About a week ago, I made my first YouTube video, to help my students prep for their exams. It turned out to be a failure for that purpose; the kids liked the idea that I’d made a video, but hated viewing it the way I planned for it to be viewed. But it led me to thinking, and I wound up making a second video in short order, which was a narrated slideshow of my school’s annual schedule. You can see both videos at my YouTube channel, under the username ABWatt.
But today I realized that just as writing leads naturally to more writing, so film naturally leads to more film. Having created content that is publishable and viewable, I now wish to make more publishable and viewable films. My desire for more opportunities to be creative is not lessened. Rather, it is strengthened by having a new medium in which to work. I didn’t slow down on adding photos to my Flickr stream until after I’d reached almost a thousand photos.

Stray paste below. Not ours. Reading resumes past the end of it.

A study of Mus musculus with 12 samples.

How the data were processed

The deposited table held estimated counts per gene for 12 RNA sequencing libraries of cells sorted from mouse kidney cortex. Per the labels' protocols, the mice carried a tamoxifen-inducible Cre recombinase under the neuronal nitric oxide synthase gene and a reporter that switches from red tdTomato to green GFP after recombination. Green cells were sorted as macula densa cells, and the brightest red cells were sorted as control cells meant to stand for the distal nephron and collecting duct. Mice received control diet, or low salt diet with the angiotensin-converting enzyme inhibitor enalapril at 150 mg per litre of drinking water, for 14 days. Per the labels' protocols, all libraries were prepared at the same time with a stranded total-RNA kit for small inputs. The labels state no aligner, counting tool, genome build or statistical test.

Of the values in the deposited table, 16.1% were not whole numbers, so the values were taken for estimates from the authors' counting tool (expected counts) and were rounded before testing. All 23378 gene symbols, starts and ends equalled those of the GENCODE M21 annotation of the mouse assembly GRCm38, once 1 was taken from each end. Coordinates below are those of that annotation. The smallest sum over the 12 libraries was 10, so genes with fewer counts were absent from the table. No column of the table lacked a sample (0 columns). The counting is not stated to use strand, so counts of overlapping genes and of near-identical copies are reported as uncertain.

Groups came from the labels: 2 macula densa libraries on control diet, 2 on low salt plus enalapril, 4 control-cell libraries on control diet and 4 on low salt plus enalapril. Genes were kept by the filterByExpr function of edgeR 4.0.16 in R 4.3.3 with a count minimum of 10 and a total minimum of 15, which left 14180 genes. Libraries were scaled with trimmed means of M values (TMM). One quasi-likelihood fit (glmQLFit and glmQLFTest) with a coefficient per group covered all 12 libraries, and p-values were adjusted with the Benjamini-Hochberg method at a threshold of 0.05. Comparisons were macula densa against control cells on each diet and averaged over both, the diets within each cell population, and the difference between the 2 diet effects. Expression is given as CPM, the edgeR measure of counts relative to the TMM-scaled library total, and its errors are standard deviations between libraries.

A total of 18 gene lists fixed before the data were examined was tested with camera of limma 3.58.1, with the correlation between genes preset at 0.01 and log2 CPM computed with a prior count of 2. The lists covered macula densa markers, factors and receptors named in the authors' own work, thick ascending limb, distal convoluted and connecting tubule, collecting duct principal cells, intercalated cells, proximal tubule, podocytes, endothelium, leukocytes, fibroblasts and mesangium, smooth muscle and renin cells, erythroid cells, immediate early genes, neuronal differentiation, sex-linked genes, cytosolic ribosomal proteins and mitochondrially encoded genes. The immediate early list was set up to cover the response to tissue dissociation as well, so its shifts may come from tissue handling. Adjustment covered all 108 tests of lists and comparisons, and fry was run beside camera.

Once I had two films under my belt, neither very successful, I began developing plans for my third and fourth. Will they be any good? I think they’ll be better than the first two. It didn’t take me very long to realize I needed a storyboard (for which I use a bunch of blank index cards, actually), and a script. Two movies was enough to convince me that I needed to work on my visual storytelling just as much as my writing. I found a contest that I wanted to enter where I could show my movie, and maybe make a difference. In this way, we gradually get better at the things we want to do.
Translating this to students is always considerably more complex, and more difficult. I think this is one of the things that school does poorly, and could do better. But I’m certain that next year I have to concentrate more on teaching storytelling as an artform, and relate the role of history as being a kind of storytelling that includes a semi-factual (at the least) kernel. It’ll be worth exploring this over the summer, and figuring out how to teach this so students learn it rapidly in the new year.